Two recent articles discussed Lebanon's present turmoil in detail, accessed through the following links:
Conditions there remain fluid. Key was a Washington/French pressured UN-backed Special Tribunal's sealed January 17 indictment of those allegedly responsible for former Prime Minister Rafik Hariri's February 14, 2005 killing, preceded by Hezbollah's January 12 pulling out of Lebanon's coalition government causing it to collapse. The above linked articles explain both events in detail, including who, in fact, likely killed Hariri, and implications going forward.
Two blocks comprised Lebanon's misnamed "national unity" government:
-- the opposition March 8 alliance, including (Shia) Hezbollah, (Shia) Amals, and (secular, mainly Maronite Christian) Free Patriotic Movement and with 57 seats; and
-- the majority March 14 Sunni/Phalangist Christian coalition (including independents, lead by now caretaker Prime Minister Saad Hariri) with 60.
Walid Jumblatt's secular, officially non-sectarian Druze Progressive Socialist Party (PSP) 11 seat bloc holds decisive balance of power in Lebanon's 128 seat parliament. On January 21, he chose sides, Al Jazeera headling, "Lebanon's Jumblatt backs Hezbollah," saying:
His decision "could give (Hezbollah) and its allies a veto over who becomes the country's next prime minister," Jumblatt saying he wished only to preserve Lebanon's stability, adding:
"I am announcing the right political stand....by assuring the steadfastness of the (PSP) alongside Syria and the resistance (Hezbollah)."
The previous day, Hariri said he'd seek to form a new government despite strong pressure for him to step down. Michel Aoun, a Christian leader allied with Hezbollah explained, "We said Hariri should not come back, and yes he should not come back."
Hariri agreed to accept the result of January 24 discussions with President Michel Suleiman who called for consultations to choose a new prime minister based on who's most strongly backed. Hezbollah is expected to nominate former prime minister Omar Karameh. Under Lebanon's confessional system, prime ministers must be Sunni Muslim, presidents Maronite Christian, and parliamentary speakers Shia Muslim.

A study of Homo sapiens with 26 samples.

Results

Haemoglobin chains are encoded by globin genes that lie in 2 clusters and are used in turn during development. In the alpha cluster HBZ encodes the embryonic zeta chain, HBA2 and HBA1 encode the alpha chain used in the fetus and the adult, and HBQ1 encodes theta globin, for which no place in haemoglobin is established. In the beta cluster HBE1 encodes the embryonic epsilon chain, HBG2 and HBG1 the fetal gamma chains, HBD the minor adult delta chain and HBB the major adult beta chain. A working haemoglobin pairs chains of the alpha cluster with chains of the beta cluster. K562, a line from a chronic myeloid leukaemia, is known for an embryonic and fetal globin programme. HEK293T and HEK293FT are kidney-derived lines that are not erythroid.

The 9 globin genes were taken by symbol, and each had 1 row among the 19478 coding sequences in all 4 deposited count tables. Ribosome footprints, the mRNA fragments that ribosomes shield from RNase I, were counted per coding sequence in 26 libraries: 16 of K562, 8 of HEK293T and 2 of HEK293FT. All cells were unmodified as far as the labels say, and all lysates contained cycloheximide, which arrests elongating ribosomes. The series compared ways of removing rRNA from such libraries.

On January 22, Lebanon's Daily Star headlined, "Jumblatt redraws PM battle lines,' saying:
Besides backing Hezbollah (and Syria), he "slammed the UN-backed Special Tribunal (STL) as a tool for 'political blackmail" that threatens the country's national unity and security." Its Hariri killing investigation caused tension between the two blocs, now heightened after announcing release of its sealed indictment expected to name Hezbollah. However, it will be late February or early March before it's known for sure.
Saying Lebanon stood at "a dangerous crossroads," Jumblatt's decision gives March 8 bloc parties an edge, though how many of his 11 members will vote with him isn't sure. According to an unnamed alliance member, he promised at least seven, saying:
"The opposition has secured a majority in Parliament. But holding the parliamentary consultations on time remains uncertain," explaining that Arab and international attempts for compromise could delay scheduled discussions. When held, Suleiman will choose the most popular new prime minister based on choices of all parliamentary members. Both sides are now scrambling to prevail.
Jumblatt, a former March 14 member, split and now backs Hezbollah and Syria, saying:
"The international tribunal has assumed a political dimension par excellence, threatening the national unity and national security. This tribunal's path has become a tool of sabotage and deviated from the path of justice to enter a political bazaar and political blackmail."
He added that a Saudi-Syrian attempted compromise proposed ending Lebanon's links to the STL by canceling further cooperation, halting funding, and withdrawing Lebanese judges. He initially supported the effort "because it provided a solution for the current crisis," and was endorsed by all parties until (Washington/French) pressure corrupted it, adding:
"International powers did not agree or accept a Syrian-Saudi rapprochement through which an inter-Lebanese settlement could be reached to negate the ramifications of the tribunal and its indictment which is in theory secret, but has been announced by all the media outlets. This matter has undermined the tribunal's credibility and confirmed that it is politicized."
Jumblatt's decision came a day after Turkey and Qatar abandoned efforts for a solution, warning partition or possible conflict could result.
A Final Comment
Expect parliamentary consultations delayed so Washington and France can apply intense pressure, intimidation and coercion to force enough Jumblatt bloc member backing for Hariri, letting his March 14 coalition retain its majority.
Which side will prevail isn't clear or whether sectarian strife will result either way. In Lebanon, resolution isn't simple. Hezbollah wants no street violence, but won't accept a Hariri-led government. Washington, Israel and France won't tolerate a Hezbollah-led one. Battle lines are clearly drawn. Some fear political stalemate followed by Mossad assassinations, car bombings and other violence wrongfully blamed on Hezbollah as was Rafiq Hariri's killing.
Going forward, resolution depends on dissociating Lebanon's government from the corrupted tribunal and political compromise, but don't expect it under a Hezbollah-led government. Most often in Lebanon, what's next remains unknown.
Stephen Lendman lives in Chicago and can be reached at email@example.com. Also visit his blog site at sjlendman.blogspot.com and listen to cutting-edge discussions with distinguished guests on the Progressive Radio News Hour on the Progressive Radio Network Thursdays at 10AM US Central time and Saturdays and Sundays at noon. All programs are archived for easy listening.